The Clock Tinker
The harvesting was over in Brier Dale. It was near dinner-time, and Allen, Trove, and the two hired men were trying feats in the dooryard. Trove, then a boy of fifteen, had outdone them all at the jumping. A stranger came along, riding a big mare with a young filly at her side. He was a tall, spare man, past middle age, with a red, smooth-shaven face and long, gray hair that fell to his rolling collar. He turned in at the gate. A little beyond it his mare halted for a mouthful of grass. The stranger unslung a strap that held a satchel to his side and hung it on the pommel.
“Go and ask what we can do for him,” Allen whispered to the boy.
Trove went down the drive, looking up at him curiously.
“What can I do for you?” he inquired.
“Give me thy youth,” said the stranger, quickly, his gray eyes twinkling under silvered brows.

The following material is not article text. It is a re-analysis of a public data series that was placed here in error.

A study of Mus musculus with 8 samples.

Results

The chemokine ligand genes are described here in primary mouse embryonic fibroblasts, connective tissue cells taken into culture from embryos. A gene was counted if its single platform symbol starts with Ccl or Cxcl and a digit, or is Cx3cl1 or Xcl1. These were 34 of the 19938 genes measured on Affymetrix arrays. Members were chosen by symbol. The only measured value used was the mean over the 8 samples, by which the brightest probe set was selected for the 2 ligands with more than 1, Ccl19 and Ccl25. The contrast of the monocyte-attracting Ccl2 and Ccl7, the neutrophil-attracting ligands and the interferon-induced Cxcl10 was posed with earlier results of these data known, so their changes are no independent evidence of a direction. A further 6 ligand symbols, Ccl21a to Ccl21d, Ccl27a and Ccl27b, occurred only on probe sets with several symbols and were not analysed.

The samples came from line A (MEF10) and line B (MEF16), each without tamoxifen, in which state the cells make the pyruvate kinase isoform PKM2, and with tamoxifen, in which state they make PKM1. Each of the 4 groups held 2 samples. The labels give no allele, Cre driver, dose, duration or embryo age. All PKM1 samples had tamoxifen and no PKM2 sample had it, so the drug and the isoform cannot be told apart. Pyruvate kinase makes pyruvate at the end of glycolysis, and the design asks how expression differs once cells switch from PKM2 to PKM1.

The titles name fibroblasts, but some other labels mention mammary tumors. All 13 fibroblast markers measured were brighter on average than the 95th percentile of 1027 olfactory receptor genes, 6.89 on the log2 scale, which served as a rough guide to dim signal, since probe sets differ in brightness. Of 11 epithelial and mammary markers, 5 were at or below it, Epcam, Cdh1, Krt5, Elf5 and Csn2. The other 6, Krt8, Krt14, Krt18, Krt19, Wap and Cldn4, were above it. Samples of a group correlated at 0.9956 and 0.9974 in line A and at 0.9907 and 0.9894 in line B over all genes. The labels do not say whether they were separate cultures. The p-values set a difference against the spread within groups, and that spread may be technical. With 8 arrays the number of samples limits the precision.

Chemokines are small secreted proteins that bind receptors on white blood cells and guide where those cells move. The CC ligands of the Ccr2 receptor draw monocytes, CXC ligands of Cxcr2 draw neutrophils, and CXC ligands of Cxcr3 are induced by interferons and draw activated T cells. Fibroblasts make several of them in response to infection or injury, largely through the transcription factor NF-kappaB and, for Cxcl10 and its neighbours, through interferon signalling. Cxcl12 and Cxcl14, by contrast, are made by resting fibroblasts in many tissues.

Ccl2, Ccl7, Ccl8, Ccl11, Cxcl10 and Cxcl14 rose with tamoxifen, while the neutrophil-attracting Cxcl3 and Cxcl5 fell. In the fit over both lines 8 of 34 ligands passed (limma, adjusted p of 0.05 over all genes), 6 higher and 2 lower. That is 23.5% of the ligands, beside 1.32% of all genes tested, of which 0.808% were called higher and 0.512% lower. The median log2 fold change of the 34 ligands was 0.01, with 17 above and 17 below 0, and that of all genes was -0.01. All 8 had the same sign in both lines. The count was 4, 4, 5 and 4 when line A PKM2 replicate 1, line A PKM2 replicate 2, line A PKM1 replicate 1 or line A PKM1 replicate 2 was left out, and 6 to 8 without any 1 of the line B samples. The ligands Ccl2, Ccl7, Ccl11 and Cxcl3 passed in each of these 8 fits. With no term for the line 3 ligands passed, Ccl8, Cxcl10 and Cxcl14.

The boy, now smiling, made no answer.
“No?” said the man, as he came on slowly. “Well, then, were thy wit as good as thy legs it would be o’ some use to me.”
The words were spoken with dignity in a deep, kindly tone. They were also faintly salted with Irish brogue.
He approached the men, all eyes fixed upon him with a look of inquiry.
“Have ye ever seen a drunken sailor on a mast?” he inquired of Allen,
“Well, sor,” said the stranger, dismounting slowly, “I am not that. Let me consider—have ye ever seen a cocoanut on a plum tree?”
“I believe not,” said Allen, laughing.
“Well, sor, that is more like me. ’Tis long since I rode a horse, an’ am out o’ place in the saddle.”
He stood erect with dignity, a smile deepening the many lines in his face.